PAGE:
These may include accident or incident reports, medical bills, medical records, witness statements and/or lists of potential witnesses, any papers or journals you have kept to describe your injuries, recovery, and limitations, etc.
2. Write Things Down Before the Meeting
As discussed, it helps to have all information available that may help your attorney get you a fast and positive result. Remember, it’s a team effort. Make lists of potential witnesses, insurance companies that are covering your property damage and injuries, and healthcare providers, with contact information.
Keep a journal listing your injuries, your limitations, your doctor visits, and how your injuries are progressing over time. A meeting (and a legal case) will always progress more smoothly if you come prepared.
3. Be Prepared To Fill Out Some Paperwork
When a personal injury lawyer decides to take your case (and sometimes before taking the case), one of the first and most important things that will happen is the collection of medical records related to your injury.
You will be asked to sign releases to allow the medical providers to send your records to your attorney for review and use in your case. If the attorney takes your case, he or she will mail these releases to everyone who has treated you, with requests for your records.
Another thing that might happen is that the attorney will ask you to sign a contract for his or her services. In a personal injury case, this will usually mean that you agree to give a certain percentage of the proceeds of your lawsuit to the attorney in the case of a courtroom victory or settlement instead of paying for the services with an hourly rate, as you might with a different type of legal case.
4. Answer All Your Lawyer’s Questions As Thoroughly and Truthfully As You Can
Your lawyer will need to gather as much information as possible to assess whether your case is worth pursuing and what the likely outcome of your case will be. Questions can include, among other things:
- The details of the accident;
- The details of your treatment;
- Which daily tasks can you and cannot do since becoming injured;
- How long your recovery is expected to take;
- If a full recovery is possible;
- How the injury has impacted your personal and professional life;
- Your pain level; and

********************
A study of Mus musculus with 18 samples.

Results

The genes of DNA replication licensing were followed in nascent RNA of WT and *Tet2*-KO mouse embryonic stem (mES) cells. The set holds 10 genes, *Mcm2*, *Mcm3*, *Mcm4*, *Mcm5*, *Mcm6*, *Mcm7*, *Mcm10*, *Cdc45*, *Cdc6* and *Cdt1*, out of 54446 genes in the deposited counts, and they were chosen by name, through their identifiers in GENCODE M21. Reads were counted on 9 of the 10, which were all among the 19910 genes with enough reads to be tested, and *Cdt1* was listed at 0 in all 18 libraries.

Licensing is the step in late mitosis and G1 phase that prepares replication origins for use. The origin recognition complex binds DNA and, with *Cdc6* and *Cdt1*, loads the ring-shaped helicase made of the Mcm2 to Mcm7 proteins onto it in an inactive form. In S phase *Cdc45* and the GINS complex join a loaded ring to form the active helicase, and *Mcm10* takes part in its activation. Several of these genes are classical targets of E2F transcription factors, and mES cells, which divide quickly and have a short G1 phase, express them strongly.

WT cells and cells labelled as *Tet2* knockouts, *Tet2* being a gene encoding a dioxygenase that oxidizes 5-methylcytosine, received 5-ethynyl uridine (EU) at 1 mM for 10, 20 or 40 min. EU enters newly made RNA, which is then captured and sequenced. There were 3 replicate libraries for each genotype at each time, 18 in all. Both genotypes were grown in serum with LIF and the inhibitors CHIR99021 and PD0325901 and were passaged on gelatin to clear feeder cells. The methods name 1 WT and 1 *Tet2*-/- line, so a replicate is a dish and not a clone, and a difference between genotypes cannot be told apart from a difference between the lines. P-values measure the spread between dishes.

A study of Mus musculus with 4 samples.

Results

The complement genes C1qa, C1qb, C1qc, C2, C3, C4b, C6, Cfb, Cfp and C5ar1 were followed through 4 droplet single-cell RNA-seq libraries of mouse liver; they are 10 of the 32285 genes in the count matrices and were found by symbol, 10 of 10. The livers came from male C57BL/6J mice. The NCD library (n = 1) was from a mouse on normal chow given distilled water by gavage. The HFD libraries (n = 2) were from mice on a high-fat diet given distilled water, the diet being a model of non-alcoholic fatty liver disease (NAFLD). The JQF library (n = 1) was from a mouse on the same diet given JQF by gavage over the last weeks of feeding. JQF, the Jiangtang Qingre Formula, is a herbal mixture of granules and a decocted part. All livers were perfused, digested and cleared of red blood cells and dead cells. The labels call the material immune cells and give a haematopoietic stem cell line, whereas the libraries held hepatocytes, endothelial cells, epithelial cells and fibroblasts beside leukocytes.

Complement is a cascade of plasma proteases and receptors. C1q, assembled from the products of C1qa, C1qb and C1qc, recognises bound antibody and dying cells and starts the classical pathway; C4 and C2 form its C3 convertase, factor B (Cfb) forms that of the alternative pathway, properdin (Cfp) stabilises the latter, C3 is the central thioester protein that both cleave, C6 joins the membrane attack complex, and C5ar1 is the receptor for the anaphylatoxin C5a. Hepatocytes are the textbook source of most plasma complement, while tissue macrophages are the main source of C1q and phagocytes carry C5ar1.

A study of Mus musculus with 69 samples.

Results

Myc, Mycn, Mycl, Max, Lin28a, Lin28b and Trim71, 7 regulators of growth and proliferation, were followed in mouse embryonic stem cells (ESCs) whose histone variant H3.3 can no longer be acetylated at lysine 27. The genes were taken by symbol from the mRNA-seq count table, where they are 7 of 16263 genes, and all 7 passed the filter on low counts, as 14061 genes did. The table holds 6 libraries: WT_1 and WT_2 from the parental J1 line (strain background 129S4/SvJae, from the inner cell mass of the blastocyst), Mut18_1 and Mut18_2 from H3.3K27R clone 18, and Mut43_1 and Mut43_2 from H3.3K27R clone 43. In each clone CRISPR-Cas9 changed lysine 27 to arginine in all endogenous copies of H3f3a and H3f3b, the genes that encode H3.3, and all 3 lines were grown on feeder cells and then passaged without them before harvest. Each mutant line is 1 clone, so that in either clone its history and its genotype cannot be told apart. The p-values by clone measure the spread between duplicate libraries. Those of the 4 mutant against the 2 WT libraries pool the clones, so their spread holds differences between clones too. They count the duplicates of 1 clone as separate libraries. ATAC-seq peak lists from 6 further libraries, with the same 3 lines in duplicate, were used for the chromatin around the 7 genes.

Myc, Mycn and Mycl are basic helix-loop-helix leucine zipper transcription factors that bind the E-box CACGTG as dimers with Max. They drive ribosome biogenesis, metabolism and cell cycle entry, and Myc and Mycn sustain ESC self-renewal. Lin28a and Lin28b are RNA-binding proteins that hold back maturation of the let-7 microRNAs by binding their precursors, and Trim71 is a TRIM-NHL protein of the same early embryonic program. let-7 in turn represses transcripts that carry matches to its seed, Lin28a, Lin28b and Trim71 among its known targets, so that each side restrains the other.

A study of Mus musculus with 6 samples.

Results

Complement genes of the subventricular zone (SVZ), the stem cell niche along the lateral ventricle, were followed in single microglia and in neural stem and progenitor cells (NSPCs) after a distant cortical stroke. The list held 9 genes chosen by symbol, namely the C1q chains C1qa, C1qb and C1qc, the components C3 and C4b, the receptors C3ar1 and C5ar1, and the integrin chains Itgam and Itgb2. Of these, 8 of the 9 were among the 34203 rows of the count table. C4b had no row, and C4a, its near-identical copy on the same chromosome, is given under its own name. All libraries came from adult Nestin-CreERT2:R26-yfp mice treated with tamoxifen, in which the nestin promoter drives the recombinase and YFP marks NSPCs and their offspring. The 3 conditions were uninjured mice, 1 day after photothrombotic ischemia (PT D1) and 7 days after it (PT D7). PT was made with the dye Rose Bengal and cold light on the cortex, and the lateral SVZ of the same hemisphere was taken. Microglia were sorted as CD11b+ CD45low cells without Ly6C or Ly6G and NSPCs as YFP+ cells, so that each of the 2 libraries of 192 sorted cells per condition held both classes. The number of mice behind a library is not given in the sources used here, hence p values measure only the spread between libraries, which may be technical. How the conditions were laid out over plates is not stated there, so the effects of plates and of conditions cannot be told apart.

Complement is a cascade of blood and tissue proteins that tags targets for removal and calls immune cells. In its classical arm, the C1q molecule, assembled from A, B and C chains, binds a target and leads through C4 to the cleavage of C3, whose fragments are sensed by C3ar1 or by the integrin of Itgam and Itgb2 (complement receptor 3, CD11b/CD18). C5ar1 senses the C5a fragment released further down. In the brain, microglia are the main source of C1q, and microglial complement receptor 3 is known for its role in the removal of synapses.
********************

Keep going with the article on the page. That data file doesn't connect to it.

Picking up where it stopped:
- Your medical bills and costs to date
This is where journaling about your injuries and writing down the information about your accident and the healthcare providers can really come in handy!
Lists of other people the attorney can talk to, like witnesses, insurance companies, and healthcare providers, are also useful at this stage. The more information you can provide, the easier it will be for the attorney to decide how to move forward with your case.
In addition to providing all the necessary information, it is also important to be truthful with your attorney. Do not hold back details that you are afraid to tell him or her because they are too personal or even embarrassing.
Your attorney has a duty of confidentiality, and your case will go more smoothly if your attorney has all the information and that information is accurate.
5. Listen to Your Attorney: He or She Will Give You a Preliminary Opinion and Explain What Happens Next
If you have been able to provide your attorney with a pretty thorough breakdown of your injuries, expenses, and limitations, the attorney will most likely be able to provide a preliminary opinion on your case at the initial consultation (though he or she may need to gather more information first).
You might find out if the attorney thinks you can win this case in court, whether it is best to settle your case outside of court, and what some of the parameters are for figuring out the size of the reward you should seek.
Your medical and loss-of-work expenses, your long-term limitations, and the level of fault of the other party will all be considered here. Your attorney may decide to take your case or, in some cases, refer your case to another attorney who may be able to better assist you due to your particular circumstances.
Your attorney may also tell you that you should wait to begin your case until you have reached your maximum level of recovery from the injury. This makes it more likely that you will receive full compensation for your injuries and for issues that may not be obvious when you first get hurt.
Get a Free Case Consultation
Before you negotiate or sign anything, learn your rights and how to protect yourself and your family. A personal injury lawyer can talk to you about your legal options, how to avoid common mistakes, and how to maximize your claim.